In March Akshay Prabhu got some bad news. Officials with Yolo County told him he was no longer allowed to sell meals out of his home to supplement his day job.
“I used to do a taco Tuesday and make the tortillas and meat from scratch,” Prabhu said. “They were great events with people from all walks of life. It seems like an old-school way of thinking . . . but the county is worried about mitigating risk.”
Nearly six months later he’s still cooking, but without pay. His go-to is a Moroccan Chicken Tagine. He adds ginger, garlic a buddy grew, olives, onion, spices and pickled lemons. It’s a meal served with apricot couscous and salad that he’d sell for $12 a plate for a seating of 10.
“It was enough to figure out if you want to start a restaurant, if you like serving people, if your culinary ideas are exciting enough to rent a commercial kitchen or to take out a loan,” said Prabhu.
He could be able to ramp up again in the new year. Starting in January home cooks will be able to make up to $50,000 annually – that’s about 60 meals per week – when the Homemade Food Operations Act goes into effect. Gov. Jerry Brown signed it into law in September.
“A lot of home cooks have really unique food ideas that aren’t represented in normal restaurants,” Prabhu said of his friends who prepared meals from places like Zimbabwe and Northern China. “There’s a lot of food tradition and cultures that are dying out and it's because of lack of opportunity, not lack of ideas.”
But Prabhu – who lobbied for the bill on behalf of his organization Foodnome, which brings customers and cooks together – said there's a caveat. Counties have to opt in, and so far none have.
Prabhu said he's in the process of asking Yolo County to take part.
"They're not opposed, but they need to see how much of the community really wants this,” said Prabhu.
Ultimately, he says if home cooks want to speed up the process they are going to have to ask county officials across the state to adopt and enforce the law. He’s held one meeting for area cooks to come together and expects to hold more in the new year.
Yolo County is currently grappling with how to implement the law, says Lewis Kimble with the county’s Environmental Health Division. Kimble says a spot bill may be needed early next year to answer the question of which department is supposed to enforce the law.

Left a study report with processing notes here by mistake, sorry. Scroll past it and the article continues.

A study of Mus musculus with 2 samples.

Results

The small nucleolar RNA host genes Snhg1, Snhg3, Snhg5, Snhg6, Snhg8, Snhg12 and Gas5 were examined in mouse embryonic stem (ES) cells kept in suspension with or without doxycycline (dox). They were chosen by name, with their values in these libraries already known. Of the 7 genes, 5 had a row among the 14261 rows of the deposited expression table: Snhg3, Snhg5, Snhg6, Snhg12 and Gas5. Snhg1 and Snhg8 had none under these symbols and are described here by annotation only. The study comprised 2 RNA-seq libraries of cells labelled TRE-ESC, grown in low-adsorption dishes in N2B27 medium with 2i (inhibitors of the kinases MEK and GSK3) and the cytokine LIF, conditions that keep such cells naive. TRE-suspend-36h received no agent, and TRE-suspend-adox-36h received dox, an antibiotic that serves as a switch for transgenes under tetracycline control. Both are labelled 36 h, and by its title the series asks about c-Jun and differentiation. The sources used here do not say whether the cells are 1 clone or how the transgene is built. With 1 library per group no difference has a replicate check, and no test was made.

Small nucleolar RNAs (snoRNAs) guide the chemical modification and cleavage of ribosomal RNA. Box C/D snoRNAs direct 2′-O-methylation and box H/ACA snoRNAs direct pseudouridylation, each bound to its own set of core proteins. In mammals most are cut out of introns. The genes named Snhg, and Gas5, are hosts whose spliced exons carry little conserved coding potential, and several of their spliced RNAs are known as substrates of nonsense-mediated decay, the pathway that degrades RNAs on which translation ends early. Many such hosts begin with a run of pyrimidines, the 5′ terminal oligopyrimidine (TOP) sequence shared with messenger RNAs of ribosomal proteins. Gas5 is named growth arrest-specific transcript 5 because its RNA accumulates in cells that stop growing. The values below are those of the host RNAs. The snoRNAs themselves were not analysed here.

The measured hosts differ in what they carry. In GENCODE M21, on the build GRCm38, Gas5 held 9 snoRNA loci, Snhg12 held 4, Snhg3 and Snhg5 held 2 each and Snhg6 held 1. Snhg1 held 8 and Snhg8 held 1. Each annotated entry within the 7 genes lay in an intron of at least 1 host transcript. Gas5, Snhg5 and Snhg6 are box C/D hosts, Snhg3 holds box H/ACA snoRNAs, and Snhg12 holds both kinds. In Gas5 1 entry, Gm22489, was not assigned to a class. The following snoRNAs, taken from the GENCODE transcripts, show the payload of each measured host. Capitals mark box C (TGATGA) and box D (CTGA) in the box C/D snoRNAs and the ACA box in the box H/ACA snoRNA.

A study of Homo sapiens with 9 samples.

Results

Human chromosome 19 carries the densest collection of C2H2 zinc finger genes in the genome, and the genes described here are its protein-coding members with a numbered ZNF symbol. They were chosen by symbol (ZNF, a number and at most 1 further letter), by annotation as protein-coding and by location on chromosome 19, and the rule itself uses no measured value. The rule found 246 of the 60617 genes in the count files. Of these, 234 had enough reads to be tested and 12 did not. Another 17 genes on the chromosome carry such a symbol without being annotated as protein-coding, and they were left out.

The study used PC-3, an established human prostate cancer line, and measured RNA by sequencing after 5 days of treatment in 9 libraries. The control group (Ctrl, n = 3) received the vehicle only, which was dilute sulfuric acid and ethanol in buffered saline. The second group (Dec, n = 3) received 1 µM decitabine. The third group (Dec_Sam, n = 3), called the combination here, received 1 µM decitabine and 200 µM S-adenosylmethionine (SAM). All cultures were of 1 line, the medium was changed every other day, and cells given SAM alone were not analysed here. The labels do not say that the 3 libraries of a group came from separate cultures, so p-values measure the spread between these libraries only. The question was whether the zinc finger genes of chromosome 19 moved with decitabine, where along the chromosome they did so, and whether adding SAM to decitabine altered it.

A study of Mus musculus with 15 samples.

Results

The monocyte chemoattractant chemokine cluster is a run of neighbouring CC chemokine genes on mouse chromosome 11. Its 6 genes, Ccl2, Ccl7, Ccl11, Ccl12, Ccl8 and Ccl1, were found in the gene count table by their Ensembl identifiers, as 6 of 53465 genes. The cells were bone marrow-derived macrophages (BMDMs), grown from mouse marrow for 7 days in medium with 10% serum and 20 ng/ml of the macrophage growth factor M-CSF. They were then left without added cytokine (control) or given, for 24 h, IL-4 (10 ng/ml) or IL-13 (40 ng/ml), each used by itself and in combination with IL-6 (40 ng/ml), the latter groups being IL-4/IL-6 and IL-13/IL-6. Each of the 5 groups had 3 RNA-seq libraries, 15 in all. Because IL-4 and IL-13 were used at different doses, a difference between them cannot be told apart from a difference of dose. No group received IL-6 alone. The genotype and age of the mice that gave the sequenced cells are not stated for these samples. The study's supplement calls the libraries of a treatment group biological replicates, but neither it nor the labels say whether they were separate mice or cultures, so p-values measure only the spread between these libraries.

“What if a county doesn’t want to opt in, but cities do?” Kimble questioned. “There might be a way to write the law that will give a city discretion to authorize a program like this.”
At this point county officials in places like Yolo, where interest is high, are trying to get the law so it's enforceable. Kimble says this may take a long time because as “a fee based agency time is money.” He says permits would pay for the program since no general funds have been allotted.
The county is also concerned over food safety, permitting and water use. Still Kimble says he has a list of home cooks who want the county to opt in.
“One works on a lavender farm and is interested in new products to offer the community,” Kimble said.
California Assemblymember Eduardo Garcia, who authored the bill, says that homemade food sales are a vital part of self-reliant communities. “Legitimizing these home businesses will offer a means of economic empowerment and pathways for many to achieve the ‘American dream,’” Garcia said when the bill was signed.
The law was designed with limits, he says, to give cooks a chance to see if it’s worth opening a restaurant. The home food operation must be inspected and registered with the county it’s in, and like other food facilities must follow health, training, and sanitation standards.
Also, the cook or a family member must deliver meals directly to the end customer and not through an app or retailer, said Peter Ruddock, an advisor for the advocacy group C.O.O.K. Alliance.
Ruddock says the law is the first of its kind in the United States. Even though no counties are fully onboard yet, he says early adopters are “going to show the way and then there'll be the ones who drag their feet."
Back in Prabhu's kitchen, he's sharing the meal with his friend Isaac O’Leary who was hanging fliers around Davis to gather home cooks for future meetings.
O’Leary liked the meal so much that he smiled and said to Prabhu, “you should start a restaurant, dude."
That’s Prabhu’s long-term goal. He wants to open a brick-and-mortar spot showcasing endangered food from around the world. But first he needs to experiment before he spends a ton opening a restaurant.